Mr Huckabee, I have an even better idea. It might be revolutionary, I know, but you’re headed in that direction anyway, so why not go along with me? How about we get rid of the US Supreme Court altogether rather than just picking and choosing which of its rulings we follow? I mean why should we ignore this one particular decision by the Supreme Court, yet leave everything else in place? I say, anything we don’t personally agree with should be ignored. Better yet, to avoid any future complications, just ditch the Court altogether. Hell while we’re at it, forget some of us have rights and just turn this country in to a dictatorship. You can be Dic. #1. How’s that sound? Dic. Huckabee. While you’re at it, you can be the first man in history to have a theocratic dictatorship. You mustn’t forget that either.
WASHINGTON — Former Arkansas Gov. Mike Huckabee disputed what he called the “notion of judicial supremacy” on Tuesday, arguing states would have the final say on gay marriage regardless of whether the Supreme Court rules that same-sex couples have a constitutional right to marry.
Huckabee, a conservative evangelical and potential 2016 presidential candidate, said a Supreme Court ruling, expected this year, would ultimately be moot because “one branch of government does not overrule the other two.”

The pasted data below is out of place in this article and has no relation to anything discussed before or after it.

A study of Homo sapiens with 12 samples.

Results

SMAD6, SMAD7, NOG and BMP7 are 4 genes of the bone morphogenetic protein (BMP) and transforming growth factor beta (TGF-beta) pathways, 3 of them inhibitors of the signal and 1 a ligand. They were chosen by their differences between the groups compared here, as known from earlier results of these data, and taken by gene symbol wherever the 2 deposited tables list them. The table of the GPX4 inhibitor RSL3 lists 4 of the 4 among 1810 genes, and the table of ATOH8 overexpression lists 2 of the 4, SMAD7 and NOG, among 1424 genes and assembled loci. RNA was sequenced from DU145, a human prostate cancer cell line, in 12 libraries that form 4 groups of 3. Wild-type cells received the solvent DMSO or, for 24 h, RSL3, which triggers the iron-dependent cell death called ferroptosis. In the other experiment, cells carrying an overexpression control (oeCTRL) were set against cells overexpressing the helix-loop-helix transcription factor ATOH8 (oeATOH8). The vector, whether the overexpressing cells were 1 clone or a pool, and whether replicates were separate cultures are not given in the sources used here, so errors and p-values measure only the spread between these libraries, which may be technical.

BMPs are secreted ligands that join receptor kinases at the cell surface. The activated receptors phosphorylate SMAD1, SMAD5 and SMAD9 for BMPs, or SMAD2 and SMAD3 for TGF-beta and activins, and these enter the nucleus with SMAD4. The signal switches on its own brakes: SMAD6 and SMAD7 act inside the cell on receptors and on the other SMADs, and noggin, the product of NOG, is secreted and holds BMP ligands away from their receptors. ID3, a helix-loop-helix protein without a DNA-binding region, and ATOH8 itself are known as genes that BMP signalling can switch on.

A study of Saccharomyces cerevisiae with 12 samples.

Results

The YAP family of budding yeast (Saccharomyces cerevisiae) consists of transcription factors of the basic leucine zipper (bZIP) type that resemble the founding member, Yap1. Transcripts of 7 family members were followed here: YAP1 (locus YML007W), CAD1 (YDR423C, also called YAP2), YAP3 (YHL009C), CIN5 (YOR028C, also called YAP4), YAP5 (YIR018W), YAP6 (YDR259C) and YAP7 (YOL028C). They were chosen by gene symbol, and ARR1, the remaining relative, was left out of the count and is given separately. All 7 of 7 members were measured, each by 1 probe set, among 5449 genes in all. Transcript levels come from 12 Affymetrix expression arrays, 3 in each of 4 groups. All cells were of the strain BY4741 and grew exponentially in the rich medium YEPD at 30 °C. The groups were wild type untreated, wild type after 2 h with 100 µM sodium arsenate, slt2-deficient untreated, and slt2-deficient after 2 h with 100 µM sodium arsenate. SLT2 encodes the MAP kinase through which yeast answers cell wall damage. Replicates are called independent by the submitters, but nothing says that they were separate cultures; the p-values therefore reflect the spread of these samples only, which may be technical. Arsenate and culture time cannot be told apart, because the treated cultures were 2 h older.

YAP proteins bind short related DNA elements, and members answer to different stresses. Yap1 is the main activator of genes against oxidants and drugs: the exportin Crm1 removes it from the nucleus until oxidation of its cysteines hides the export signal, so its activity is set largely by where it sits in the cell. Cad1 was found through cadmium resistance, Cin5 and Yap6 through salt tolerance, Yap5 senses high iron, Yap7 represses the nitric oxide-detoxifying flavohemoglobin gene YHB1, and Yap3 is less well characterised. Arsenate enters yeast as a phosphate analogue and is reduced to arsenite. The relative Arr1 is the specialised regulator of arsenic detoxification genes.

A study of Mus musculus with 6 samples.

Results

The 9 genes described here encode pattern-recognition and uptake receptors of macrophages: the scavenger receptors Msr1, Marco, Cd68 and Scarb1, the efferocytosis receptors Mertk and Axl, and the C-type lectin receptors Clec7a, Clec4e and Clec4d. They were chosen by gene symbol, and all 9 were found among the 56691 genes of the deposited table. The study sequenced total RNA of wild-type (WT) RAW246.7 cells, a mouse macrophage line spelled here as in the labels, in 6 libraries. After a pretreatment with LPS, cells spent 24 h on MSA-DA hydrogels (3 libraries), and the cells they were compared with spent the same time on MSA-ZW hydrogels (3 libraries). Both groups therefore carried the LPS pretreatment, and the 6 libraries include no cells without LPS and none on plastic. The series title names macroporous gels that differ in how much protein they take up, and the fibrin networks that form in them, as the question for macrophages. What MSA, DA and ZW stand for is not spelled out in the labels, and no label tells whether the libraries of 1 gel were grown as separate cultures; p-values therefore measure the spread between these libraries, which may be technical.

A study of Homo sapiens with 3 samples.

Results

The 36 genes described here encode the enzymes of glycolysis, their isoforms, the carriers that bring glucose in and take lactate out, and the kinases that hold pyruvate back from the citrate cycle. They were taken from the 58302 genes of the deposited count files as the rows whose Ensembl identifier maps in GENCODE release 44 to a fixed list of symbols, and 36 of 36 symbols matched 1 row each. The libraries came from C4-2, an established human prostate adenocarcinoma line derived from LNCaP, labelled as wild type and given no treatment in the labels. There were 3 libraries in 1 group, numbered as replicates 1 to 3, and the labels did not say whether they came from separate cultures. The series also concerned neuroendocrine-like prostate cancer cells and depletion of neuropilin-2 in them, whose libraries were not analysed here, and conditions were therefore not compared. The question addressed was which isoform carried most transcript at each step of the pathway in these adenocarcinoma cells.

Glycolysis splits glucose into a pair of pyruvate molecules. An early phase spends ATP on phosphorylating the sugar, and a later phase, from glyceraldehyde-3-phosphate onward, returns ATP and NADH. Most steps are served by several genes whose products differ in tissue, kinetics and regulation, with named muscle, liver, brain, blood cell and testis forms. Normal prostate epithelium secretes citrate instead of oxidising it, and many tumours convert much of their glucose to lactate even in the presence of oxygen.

“One thing I am angry about though … is this notion of judicial supremacy, where if the court makes a decision, I hear governors and even some aspirants to the presidency say, ‘Well that’s settled, it’s the law of the land.’ No, it’s not the law of the land,” Huckabee said in an interview with conservative radio host Hugh Hewitt.
“Constitutionally, the courts cannot make a law, they can interpret one and then the legislature has to create enabling legislation and the executive has to sign it and has to enforce it,” Huckabee added.
A ruling from the high court, however, would not “make law,” but rather would invalidate existing bans on gay marriage as unconstitutional. State legislatures would need no additional law to recognize same-sex marriages. Similar appellate court decisions have already done so in 36 states and the District of Columbia — all of which now recognize same-sex marriages.